Elon Musk has reportedly attempted to purchase Twitter, and I have no idea whether his influence on the company would be positive or not.
I do know, however, what other media figures think Musk’s influence on Twitter will be. They think it will be bad — very bad, bad! How none of them see what a self-own this is is beyond me. After spending the last six years practically turgid with joy as other unaccountable billionaires tweaked the speech landscape in their favor, they’re suddenly howling over the mere rumor that a less censorious fat cat might get to sit in one of the big chairs. O the inhumanity!
A few of the more prominent Musk critics are claiming merely to be upset at the prospect of wealthy individuals controlling speech. As more than one person has pointed out, this is a bizarre thing to be worrying about all of the sudden, since it’s been the absolute reality in America for a while.
as someone who isn’t a fan of Elon Musk, I still find it darkly funny that billionaire-owned media is suddenly having a moral panic about a billionaire possibly buying Twitter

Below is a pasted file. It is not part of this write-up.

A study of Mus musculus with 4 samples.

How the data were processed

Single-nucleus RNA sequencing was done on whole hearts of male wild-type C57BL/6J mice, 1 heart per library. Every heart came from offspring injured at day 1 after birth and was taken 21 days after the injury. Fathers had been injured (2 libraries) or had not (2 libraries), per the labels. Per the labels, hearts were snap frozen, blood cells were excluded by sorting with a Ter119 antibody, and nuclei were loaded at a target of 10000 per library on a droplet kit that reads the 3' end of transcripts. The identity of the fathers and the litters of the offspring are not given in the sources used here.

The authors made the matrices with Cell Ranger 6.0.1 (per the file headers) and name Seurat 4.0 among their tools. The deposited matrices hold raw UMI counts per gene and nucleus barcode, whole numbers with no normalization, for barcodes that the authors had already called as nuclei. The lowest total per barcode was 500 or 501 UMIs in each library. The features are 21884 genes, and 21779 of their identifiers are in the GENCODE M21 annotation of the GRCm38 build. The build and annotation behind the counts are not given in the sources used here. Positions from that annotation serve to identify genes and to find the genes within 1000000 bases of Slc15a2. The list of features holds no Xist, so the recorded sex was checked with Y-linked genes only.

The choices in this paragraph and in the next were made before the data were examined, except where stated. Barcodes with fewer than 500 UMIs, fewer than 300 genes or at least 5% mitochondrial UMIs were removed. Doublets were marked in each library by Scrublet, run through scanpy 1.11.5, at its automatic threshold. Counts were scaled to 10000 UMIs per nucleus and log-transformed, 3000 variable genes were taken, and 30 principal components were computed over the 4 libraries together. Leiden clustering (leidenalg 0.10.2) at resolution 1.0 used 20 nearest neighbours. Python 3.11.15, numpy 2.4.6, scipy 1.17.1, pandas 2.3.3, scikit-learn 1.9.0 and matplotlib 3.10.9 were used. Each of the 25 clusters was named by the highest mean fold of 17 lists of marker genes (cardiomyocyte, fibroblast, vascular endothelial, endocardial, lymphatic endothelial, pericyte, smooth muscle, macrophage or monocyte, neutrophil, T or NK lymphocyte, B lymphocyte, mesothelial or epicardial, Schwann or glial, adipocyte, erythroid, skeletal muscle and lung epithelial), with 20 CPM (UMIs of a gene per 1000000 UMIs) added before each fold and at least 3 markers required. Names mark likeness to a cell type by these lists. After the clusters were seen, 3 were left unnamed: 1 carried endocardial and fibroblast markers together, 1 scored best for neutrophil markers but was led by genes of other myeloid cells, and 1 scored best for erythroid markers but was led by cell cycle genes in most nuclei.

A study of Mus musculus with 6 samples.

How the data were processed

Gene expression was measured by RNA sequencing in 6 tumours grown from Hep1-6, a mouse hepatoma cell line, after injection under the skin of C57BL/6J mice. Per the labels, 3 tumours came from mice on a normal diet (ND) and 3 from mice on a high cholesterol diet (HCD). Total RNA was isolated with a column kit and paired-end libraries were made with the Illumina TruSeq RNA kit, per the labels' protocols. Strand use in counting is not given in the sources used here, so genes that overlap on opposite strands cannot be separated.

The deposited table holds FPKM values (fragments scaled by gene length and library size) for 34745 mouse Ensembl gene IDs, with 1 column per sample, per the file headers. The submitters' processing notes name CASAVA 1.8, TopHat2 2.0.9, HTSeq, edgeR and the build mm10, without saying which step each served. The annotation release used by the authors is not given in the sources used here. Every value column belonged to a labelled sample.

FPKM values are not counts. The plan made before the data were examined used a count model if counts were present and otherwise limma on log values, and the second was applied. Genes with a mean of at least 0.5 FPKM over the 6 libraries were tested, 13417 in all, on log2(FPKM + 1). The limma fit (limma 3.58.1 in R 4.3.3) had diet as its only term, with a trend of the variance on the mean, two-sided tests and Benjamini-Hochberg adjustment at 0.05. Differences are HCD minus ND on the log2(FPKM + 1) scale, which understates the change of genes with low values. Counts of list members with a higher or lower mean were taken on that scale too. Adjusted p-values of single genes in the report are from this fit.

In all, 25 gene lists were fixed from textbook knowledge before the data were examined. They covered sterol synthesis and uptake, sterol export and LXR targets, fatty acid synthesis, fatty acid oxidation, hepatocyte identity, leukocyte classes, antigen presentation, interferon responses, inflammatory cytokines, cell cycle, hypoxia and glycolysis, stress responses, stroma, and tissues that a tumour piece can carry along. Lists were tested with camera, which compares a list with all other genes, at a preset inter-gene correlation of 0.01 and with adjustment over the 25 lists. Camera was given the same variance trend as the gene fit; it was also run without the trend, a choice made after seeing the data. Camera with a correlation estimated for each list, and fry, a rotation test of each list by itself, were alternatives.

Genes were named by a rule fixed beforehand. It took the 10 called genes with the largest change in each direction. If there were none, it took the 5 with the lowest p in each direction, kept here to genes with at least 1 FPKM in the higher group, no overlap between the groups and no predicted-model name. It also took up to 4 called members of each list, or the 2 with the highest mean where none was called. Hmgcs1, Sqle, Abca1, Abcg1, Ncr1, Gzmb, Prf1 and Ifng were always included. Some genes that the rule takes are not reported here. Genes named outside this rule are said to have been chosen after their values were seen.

— David Sirota (@davidsirota) April 14, 2022
Probably the funniest effort along those lines was this passage:
We need regulation… to prevent rich people from controlling our channels of communication.
That was Ellen Pao, former CEO of Reddit, railing against Musk in the pages of… the Washington Post! A newspaper owned by Jeff Bezos complaining about rich people controlling “channels of communication” just might be the never-released punchline of Monty Python’s classic “Funniest Joke in the World” skit.
Many detractors went the Pao route, suddenly getting religion about concentrated wealth having control over the public discourse. In a world that had not yet gone completely nuts, that is probably where the outrage campaign would have ended, since the oligarchical control issue could at least be a legitimate one, if printed in a newspaper not owned by Jeff Bezos.